Chris Horner paces RadioShack teammate Levi Leipheimer at the head of the field.

Chris Horner paces RadioShack teammate Levi Leipheimer at the head of the field. (Image credit: Jon Devich)

Team RadioShack boss Johan Bruyneel was far from being the only one astonished that his team missed out on one of the six final invitations to the Vuelta a España. Most commentators in Spain had the American team down as certainties for selection alongside Spanish pro continental outfits Andalucía-Cajasur and Xacobeo-Galicia. Instead, those two teams were joined by Garmin, Sky, Katusha and Cervélo.

All are strong teams, but none is likely to field a line-up anywhere near as powerful as RadioShack would surely have done, with Levi Leipheimer, Andreas Klöden, Chris Horner and Janez Brajkovic all likely or possible contenders for the overall title.

Vuelta boss Javier Guillén defended his choice by saying, "Every fan has their own preferences, but for us, the list [of teams selected] is ideal for our race." Guillén did say of RadioShack that "it’s a good team, that can’t be denied," and insisted that the recent doping allegations made against Bruyneel and RadioShack team leader Lance Armstrong had nothing to do with his decision. "There is no evidence that proves Landis' allegations. Our criteria [for selection] have been strictly sporting."

But some didn’t see it that way…

Chechu Rubiera, veteran RadioShack rider with nine Vuelta appearances behind him who won't now be seen on the Cotobello climb in his native Asturias that has been renamed in his honour: "There is no justification for this based on sporting criteria. We were going to take Brajkovic, Horner, Haimar Zubeldia and Steegmans. And we didn't ride the Giro in order to save ourselves for the Vuelta. I can't begin to understand what has happened. I can understand that Cervélo are there if Sastre, a winner of the Tour de France, is in their line-up. And also that they have picked two teams with Spanish sponsors. But there are some foreign squads that have been picked without any reason."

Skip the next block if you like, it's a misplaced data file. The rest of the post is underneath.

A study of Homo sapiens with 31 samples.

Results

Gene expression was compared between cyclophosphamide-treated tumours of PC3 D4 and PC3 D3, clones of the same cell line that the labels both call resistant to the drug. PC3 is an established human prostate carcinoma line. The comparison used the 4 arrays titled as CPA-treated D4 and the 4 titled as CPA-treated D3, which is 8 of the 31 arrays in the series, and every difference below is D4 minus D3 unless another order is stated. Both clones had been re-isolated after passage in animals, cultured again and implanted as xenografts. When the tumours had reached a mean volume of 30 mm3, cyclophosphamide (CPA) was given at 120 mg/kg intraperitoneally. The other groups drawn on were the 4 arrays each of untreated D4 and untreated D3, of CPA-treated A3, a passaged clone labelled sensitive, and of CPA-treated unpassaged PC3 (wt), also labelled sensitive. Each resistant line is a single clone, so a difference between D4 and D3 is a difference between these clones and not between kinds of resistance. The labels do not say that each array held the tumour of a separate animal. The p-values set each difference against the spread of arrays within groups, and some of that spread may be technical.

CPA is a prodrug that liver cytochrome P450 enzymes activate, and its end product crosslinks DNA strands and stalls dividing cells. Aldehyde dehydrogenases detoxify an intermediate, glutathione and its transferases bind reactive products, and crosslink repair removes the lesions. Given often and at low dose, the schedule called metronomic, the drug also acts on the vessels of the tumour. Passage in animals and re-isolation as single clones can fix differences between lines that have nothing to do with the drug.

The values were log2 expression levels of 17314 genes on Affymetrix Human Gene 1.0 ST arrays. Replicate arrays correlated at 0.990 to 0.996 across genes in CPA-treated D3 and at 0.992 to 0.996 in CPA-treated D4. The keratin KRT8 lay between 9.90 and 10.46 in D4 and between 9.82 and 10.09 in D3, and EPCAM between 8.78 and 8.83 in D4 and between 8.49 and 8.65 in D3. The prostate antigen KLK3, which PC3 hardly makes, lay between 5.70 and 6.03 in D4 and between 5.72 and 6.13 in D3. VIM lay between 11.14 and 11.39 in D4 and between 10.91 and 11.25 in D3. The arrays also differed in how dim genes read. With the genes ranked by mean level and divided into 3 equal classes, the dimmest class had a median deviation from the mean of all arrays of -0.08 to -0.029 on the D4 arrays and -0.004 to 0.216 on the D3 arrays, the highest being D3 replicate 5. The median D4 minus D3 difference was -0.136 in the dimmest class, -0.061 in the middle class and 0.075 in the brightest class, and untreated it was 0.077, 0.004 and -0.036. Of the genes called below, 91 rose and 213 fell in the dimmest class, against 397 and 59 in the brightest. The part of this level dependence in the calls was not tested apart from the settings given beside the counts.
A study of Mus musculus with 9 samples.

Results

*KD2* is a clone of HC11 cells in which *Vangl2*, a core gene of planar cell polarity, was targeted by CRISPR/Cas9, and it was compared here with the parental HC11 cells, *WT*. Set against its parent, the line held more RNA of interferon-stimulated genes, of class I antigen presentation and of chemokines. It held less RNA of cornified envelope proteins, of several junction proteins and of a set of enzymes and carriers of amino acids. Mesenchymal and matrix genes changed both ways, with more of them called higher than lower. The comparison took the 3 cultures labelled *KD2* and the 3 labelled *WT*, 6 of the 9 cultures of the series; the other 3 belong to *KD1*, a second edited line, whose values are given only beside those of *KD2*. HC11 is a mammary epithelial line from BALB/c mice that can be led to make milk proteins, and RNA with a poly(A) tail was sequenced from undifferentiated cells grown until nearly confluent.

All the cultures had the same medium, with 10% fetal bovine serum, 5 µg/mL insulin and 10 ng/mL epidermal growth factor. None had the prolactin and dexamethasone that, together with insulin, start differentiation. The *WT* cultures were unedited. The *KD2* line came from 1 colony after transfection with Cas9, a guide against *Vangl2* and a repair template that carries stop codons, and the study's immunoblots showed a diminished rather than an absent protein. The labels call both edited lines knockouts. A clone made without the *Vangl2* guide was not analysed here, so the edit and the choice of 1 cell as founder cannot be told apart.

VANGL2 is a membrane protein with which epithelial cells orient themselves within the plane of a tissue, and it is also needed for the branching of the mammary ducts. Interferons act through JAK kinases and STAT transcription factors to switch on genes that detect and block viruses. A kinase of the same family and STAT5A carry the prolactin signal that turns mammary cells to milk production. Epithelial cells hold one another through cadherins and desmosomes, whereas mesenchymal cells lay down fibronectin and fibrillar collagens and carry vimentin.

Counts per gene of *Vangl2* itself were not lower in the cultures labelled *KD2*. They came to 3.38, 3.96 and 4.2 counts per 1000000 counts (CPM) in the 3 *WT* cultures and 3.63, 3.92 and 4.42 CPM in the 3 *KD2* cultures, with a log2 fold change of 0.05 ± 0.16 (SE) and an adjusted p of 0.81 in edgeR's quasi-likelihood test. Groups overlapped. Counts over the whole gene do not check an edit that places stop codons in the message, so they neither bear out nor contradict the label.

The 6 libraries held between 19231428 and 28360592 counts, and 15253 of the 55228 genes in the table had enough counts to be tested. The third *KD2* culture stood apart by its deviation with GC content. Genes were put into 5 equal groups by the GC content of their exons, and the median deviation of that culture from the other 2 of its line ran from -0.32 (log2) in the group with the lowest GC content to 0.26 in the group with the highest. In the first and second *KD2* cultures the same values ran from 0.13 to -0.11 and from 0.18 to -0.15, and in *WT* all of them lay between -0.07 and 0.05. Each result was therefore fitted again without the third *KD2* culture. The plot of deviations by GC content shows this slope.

Alvaro Pino, manager of Xacobeo-Galicia: "To understand the value of the invitation we have received you must have to look at the quality of the important teams that have not been selected."

Luis Román Mendoza, journalist with "Cycling is the only sport that – step-by-step, day-by-day, year-by-year, but especially stupidity-after-stupidity – seems to be set on its own destruction… The reasons for not selecting the North American team are not clear. Some have suggested that it’s because they weren’t planning to send their best riders. It was clear that Armstrong certainly wasn’t going to ride, and if Klöden and Leipheimer weren't going to be there either then what was the problem with them having a young leader like Brajkovic, whose victory in the Dauphiné Libéré was no fluke, alongside an Iberian group of riders composed of Zubeldia, Irizar, Rubiera, Machado and Paulinho?"

But not everyone was so quick to condemn Guillén’s selection…

Juan Mora, journalist at Spanish sports daily AS: :When the [Landis-related] scandal involving Armstrong erupted, the Tour de France had already invited RadioShack and withdrawing that invite would present legal complications. This case is different: there is no veto because this team is simply not being invited. This is zero tolerance. "Are saints being penalized for the actions of sinners? That is probable. Cyclists such as Brajkovic and Leipheimer are among those affected. As well as Zubeldia and Rubiera."

Meanwhile, Team Sky boss Dave Brailsford provided a different perspective: "It's been one of the hardest Vueltas to get into for a number of years and we never took anything for granted. The process started a little while ago and this news today is a real vote of confidence in the team and everything we are trying to do with it."